Dec. 17, 2009 Catherine Weitz, a senior scientist at the Tucson-based Planetary Science Institute, has reported new evidence for multiple, water-related geologic processes on Mars.
She and her colleagues studied light-toned deposits (LTDs) within troughs of the Noctis Labyrinthus region in western Valles Marineris using data gathered by three Mars Reconnaissance Orbiter (MRO) instruments: the High Resolution Imaging Science Experiment (HiRISE) camera, the Context Camera (CTX) and the Compact Reconnaissance Imaging Spectrometer for Mars (CRISM).
Weitz presented the research results during a morning session of the American Geophysical Union Conference in San Francisco, Calif.
"We analyzed ten troughs containing well-exposed LTDs, and we found a lot of variability that we didn't expect to see," she said. "We found that each of the troughs with LTDs has a unique mineralogy, and, therefore, the processes occurring in each trough were very localized."
Weitz and her team identified various types of clays, hydrated silicas, and sulfates in these small basins, which are typically 30 to 100 kilometers across. One LTD included dozens of beds of varying thickness, brightness, color and erosional structure, suggesting that significant amounts of water once existed there. In addition, sulfates were mixed with clays within the deposits, indicating that ph levels may have fluctuated between acidic and alkaline conditions.
Another LTD is buried several meters beneath wind-deposited material and is only exposed in the trough's upper walls, indicating it is older than the trough. In still another area, clays are buried beneath younger plains along the trough floor, while in the same trough, but a few kilometers away, there are exposures of hydrated silica and calcium sulfate.
The wide variability in deposits and mineralogy in these and the other basins suggests a complex hydrologic history, including multiple events in some troughs, Weitz said.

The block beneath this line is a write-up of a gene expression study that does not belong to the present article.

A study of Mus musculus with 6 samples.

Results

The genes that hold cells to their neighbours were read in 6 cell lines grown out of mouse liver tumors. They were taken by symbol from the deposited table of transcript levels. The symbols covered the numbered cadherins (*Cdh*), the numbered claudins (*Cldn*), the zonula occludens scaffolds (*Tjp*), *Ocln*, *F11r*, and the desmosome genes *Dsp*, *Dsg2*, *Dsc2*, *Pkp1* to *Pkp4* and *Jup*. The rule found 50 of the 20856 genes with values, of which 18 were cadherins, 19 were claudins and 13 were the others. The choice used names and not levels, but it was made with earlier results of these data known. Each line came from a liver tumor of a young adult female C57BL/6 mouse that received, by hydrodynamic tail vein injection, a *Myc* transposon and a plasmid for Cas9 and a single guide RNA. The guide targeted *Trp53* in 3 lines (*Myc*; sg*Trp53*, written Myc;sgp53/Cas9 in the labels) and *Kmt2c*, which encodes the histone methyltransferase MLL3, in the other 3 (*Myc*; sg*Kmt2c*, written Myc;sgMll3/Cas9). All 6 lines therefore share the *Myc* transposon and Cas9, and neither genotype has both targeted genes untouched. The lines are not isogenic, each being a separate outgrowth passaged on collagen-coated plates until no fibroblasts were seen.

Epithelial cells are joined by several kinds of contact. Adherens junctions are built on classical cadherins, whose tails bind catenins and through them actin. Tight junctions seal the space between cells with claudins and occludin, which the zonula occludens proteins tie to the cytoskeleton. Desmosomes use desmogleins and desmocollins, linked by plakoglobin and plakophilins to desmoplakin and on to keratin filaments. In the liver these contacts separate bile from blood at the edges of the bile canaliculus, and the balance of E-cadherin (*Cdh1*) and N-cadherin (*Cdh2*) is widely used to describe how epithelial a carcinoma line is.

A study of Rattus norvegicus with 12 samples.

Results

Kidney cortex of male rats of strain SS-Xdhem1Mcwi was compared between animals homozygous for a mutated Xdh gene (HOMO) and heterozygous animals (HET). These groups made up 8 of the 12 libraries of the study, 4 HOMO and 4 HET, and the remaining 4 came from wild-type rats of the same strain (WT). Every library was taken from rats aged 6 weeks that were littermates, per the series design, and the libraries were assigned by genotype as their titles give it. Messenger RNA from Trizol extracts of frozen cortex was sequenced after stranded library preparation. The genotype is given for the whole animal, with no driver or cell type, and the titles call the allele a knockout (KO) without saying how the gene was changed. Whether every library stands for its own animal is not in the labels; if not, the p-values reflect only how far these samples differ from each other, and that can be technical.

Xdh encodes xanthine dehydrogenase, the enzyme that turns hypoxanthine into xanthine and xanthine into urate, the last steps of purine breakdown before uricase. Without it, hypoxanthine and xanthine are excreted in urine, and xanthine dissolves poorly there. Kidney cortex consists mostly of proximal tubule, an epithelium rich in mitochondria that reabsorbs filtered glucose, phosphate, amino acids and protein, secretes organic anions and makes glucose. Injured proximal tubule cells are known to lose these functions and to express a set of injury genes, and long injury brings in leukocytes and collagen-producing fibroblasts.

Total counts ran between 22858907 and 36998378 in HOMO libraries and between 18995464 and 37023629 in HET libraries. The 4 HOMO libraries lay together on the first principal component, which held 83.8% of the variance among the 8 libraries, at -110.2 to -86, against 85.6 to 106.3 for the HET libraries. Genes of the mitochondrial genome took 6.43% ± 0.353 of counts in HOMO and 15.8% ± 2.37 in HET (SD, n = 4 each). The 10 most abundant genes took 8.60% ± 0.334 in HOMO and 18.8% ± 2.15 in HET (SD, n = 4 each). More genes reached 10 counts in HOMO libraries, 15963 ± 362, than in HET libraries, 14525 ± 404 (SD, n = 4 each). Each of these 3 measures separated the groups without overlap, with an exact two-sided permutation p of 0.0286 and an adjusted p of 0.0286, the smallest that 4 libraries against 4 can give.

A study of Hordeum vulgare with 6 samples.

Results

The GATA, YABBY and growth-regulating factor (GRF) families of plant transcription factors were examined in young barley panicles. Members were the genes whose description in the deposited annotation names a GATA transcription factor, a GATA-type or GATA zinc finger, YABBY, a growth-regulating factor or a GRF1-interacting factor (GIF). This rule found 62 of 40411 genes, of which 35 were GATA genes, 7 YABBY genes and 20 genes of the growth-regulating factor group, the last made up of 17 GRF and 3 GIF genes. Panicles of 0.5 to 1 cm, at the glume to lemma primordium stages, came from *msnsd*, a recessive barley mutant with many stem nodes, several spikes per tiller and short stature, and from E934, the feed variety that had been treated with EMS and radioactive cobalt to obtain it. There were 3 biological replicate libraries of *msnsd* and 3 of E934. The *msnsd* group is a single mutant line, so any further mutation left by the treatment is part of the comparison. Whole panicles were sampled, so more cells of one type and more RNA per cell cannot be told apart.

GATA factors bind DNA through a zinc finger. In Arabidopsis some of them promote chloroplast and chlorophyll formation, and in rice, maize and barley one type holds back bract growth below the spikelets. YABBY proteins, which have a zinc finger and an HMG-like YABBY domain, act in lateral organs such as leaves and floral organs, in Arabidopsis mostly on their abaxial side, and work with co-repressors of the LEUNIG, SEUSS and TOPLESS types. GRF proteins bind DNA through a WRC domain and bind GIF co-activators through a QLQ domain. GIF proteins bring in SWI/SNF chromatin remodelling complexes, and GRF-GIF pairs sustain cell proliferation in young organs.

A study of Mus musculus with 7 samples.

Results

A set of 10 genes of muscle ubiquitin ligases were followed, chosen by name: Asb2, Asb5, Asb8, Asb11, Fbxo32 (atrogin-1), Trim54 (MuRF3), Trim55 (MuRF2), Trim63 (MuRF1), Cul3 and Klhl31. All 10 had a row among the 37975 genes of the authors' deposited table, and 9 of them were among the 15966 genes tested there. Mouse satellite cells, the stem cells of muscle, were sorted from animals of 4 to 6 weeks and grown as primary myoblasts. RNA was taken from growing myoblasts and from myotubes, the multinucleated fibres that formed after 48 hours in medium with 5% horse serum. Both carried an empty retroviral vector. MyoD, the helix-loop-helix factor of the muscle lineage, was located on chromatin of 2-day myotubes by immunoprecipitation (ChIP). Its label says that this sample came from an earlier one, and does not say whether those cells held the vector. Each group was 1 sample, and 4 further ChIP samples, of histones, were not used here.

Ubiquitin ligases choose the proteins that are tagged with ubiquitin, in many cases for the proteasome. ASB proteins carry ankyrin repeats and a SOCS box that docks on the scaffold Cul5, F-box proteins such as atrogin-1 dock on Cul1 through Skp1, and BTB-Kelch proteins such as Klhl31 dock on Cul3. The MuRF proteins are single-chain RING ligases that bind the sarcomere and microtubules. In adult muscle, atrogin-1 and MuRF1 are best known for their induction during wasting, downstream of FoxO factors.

"Clearly, these areas were affected by water," she added. "In some cases there had to be multiple events. But we don't know how much water was involved or whether it was always a flowing liquid."
"It might have been groundwater coming from Tharsis, the large volcanic complex to the west," she said. "There could have been active volcanism that produced water by melting snow, ice, or underground, hydrothermal processes. These little basins could then have filled or partially filled with some of that water. Another possibility is that material was already in several of the troughs, perhaps as volcanic ash or lava flows, and some kind of hydrothermal activity may have altered these pre-existing deposits."
Weitz and her colleagues identified LTDs using the wide-range CTX camera that covers about a 30 km swath at a spatial resolution of 6 meters per pixel. Then they zeroed in on the areas of interest using HiRISE visible light images that cover about a 5-km-wide area with a resolution of about 26 centimeters per pixel.
Finally, the corresponding CRISM data -- in the visible and near infrared regions -- revealed the hydrated minerals within each LTD.
"It's great to have these complementary data sets," Weitz said. "Together, the synthesis of these three datasets provides valuable morphologic and mineralogic information needed to interpret the geologic setting and origin of the light-toned deposits within the troughs of Noctis."
The LTDs both pre-date and post-date trough formation and occurred between the Noachian (4.6 to 3.5 million years ago) and Amazonian (1.8 billion years ago to the present) eras. The sediments in the LTDs could have formed at the bottom of lakes or pools, but materials also could have been deposited by the wind or fallen as volcanic ash and then been altered by water.
Noctis Labyrinthus is a region of Mars that's located between the volcanic Tharsis upland and Valles Marineris, a huge system of canyons.
Those working with Weitz on the research include Janice Bishop, of SETI Institute/NASA Ames; Leah Roach, of Frontier Technology; Ralph Milliken, of the Jet Propulsion Laboratory/Caltech; and J. Alexis Rodriguez, of the Planetary Science Institute.